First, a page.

OPINION: Richard Mulligan views Rugby World Cup as an ‘open book’

The 'Ireland squad before departure for Japan and the Rugby World Cup. Pic by INPHO.
The 'Ireland squad before departure for Japan and the Rugby World Cup. Pic by INPHO.

All eyes turn to Japan when 20 teams will start their bids to lift the Holy Grail of the oval ball shaped game, The Webb Ellis Trophy.

In reality, about eight teams will begin their quests to conquer, the rest have little hope of making it beyond the group stages.

The 10th edition of the global extravaganza has been described as the most open competition ever but the same names are being linked as potential winners as in any year the event is staged, the difference this time being, among those main contenders it is more open than previously.

New Zealand, the defending back-to-back champions who are bidding for three in a row and who, not surprisingly, boast the most successes in the tournament with three overall remain the bookies’ favourites and only three other countries have lifted the trophy.

However, in the past 12 months they have shown they are not unbeatable, with Ireland, South Africa and Australia each having had a piece of them.

I have already stated that I believe South Africa are the side to lift the crown this season, coming into the competition with a comfortable rise in form - just as they did in 2007 on their way to lifting the Webb Ellis Cup for a second time.

Among the other serious candidates are England, Australia, Wales and of course the men in green from Ireland.

Last November when Ireland defeated New Zealand for the first time in Dublin there was a real belief Joe Schmidt’s side could achieve the ultimate in world rugby.

But after a limp Six Nations Championship performance and a record loss to England during the pre World Cup warm-up games, the belief has ebbed somewhat.

And while two solid victories over Wales to complete those warm-up fixtures has lifted the spirits of the Irish fans, there is not the previous confidence that this squad can become the first from the island to go beyond the quarter-finals.

Ireland open their Pool A fixtures against Scotland on Sunday in Yokohama City stadium - where the final will be played on November 2 - with the winner of the game expected to go on and secure top spot in the group.

It is a nervy one for both nations. They are familiar foes and while the Irish have had the edge on their celtic cousins in recent years, one cannot help remember previous occasions when the Jocks rained down on the Irish parade.

If Schmidt’s charges negotiate that one safely, next up are the hosts, Japan, the recent Pacific Nations Cup winners, who should not pose a major threat but don’t forget 2015 when the Cherry Blossoms caused a major upset by defeating South Africa.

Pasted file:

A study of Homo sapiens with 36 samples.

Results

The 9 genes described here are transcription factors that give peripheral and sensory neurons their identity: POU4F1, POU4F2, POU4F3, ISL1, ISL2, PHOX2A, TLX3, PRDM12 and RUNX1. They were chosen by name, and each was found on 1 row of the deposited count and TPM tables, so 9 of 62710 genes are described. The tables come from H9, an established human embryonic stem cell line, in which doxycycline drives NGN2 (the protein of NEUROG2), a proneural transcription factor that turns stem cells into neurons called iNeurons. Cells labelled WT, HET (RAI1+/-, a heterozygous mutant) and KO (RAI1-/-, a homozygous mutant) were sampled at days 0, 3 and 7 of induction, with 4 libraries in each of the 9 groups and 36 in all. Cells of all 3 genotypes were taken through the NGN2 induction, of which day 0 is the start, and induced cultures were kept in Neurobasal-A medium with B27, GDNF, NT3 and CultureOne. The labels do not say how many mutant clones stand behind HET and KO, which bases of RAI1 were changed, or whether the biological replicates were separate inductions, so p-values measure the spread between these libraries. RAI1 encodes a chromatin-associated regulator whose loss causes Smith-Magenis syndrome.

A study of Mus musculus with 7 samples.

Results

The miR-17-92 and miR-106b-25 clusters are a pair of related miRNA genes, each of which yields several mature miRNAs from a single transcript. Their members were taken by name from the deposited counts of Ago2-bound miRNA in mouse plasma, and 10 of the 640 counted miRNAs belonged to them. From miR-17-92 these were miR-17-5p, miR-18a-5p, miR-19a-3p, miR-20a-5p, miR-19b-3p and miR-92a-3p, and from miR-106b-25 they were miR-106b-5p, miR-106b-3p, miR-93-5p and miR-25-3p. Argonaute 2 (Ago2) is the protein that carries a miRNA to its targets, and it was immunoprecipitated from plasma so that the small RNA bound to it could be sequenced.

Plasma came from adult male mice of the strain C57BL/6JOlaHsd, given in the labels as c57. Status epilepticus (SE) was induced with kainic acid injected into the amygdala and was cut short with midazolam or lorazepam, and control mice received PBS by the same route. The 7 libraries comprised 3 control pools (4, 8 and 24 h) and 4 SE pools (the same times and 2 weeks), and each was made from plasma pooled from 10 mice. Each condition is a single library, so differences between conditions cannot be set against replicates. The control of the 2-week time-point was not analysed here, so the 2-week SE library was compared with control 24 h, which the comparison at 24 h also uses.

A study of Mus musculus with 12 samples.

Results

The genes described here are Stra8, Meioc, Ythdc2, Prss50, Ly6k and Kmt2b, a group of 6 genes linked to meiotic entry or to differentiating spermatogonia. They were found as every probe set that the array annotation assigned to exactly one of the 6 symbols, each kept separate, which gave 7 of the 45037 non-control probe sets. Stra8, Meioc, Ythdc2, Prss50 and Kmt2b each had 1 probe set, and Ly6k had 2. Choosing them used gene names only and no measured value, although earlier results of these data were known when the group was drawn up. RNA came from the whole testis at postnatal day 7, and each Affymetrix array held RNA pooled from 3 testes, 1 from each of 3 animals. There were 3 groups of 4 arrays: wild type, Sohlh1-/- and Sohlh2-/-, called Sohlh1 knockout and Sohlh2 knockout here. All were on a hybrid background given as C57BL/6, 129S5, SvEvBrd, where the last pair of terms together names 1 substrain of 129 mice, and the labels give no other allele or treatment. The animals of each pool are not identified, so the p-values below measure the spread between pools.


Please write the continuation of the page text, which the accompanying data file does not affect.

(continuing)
It was still not enough to book a last eight place, but the Japanese have improved greatly since then. Their target may not be so much Ireland but Scotland in the race for second place. Interestingly, they will meet each other in the final group game - Japan having THREE more rest days than the Scots prior to that game.

As far as Russia and Samoa go - the other two teams in the Pool - they are there to make up the numbers - and from Ireland’s point of view, having played the two serious contenders, they should be able to rest their key players ahead of a crucial quarter-final game.

Ireland of course go into the tournament ranked number one, another of the many firsts for the men in the green in Schmidt’s 10-year tenure.

New Zealand are ranked two, England three and South African complete the top four.

The issue for Ireland is that finishing top of the Pool is not massively advantageous in terms of who to meet - or avoid in the last eight.

The way the draw is aligned, Ireland will almost certainly meet the All Blacks or South Africa in the quarters. Either way it is a daunting prospect.

And much will come down to if Ireland have managed to keep their key players fresh and injury free ahead of that game - because they still lack the strength in depth of the others in the top four.

England are serious contenders, even though they have France and Argentina to contend with for the top two places in Pool C. It’s hard not seeing them make the last eight this time around following their disappointment as hosts in 2015 and going out at the group stages.

Wales and Australia will battle it out for top spot in Pool D, Indeed if you wanted a dark horse for the eventual winner, then Warren Gatland’s Welsh charges should take that tag.

The Six Nations champions may be coming in on the back of a poor pre-tournament build-up, but in a tight game they have the ability to find a way to unlock the door and they must not be discounted.

Meanwhile, World Rugby have ensured the tournament will get underway with some heat. The opening ceremony of any major sporting event always attracts the viewers and Friday’s opening should be no different in Tokyo, although the first game, Japan versus Russia, may not have a huge attraction about it.

However, get ready for the real fireworks to start the day after. New Zealand versus South Africa (the Pool B winner decided!) and France against Argentina on Saturday followed by Ireland versus Scotland on Sunday along with England versus Tonga - it makes for the perfect start to an eagerly anticipated tournament!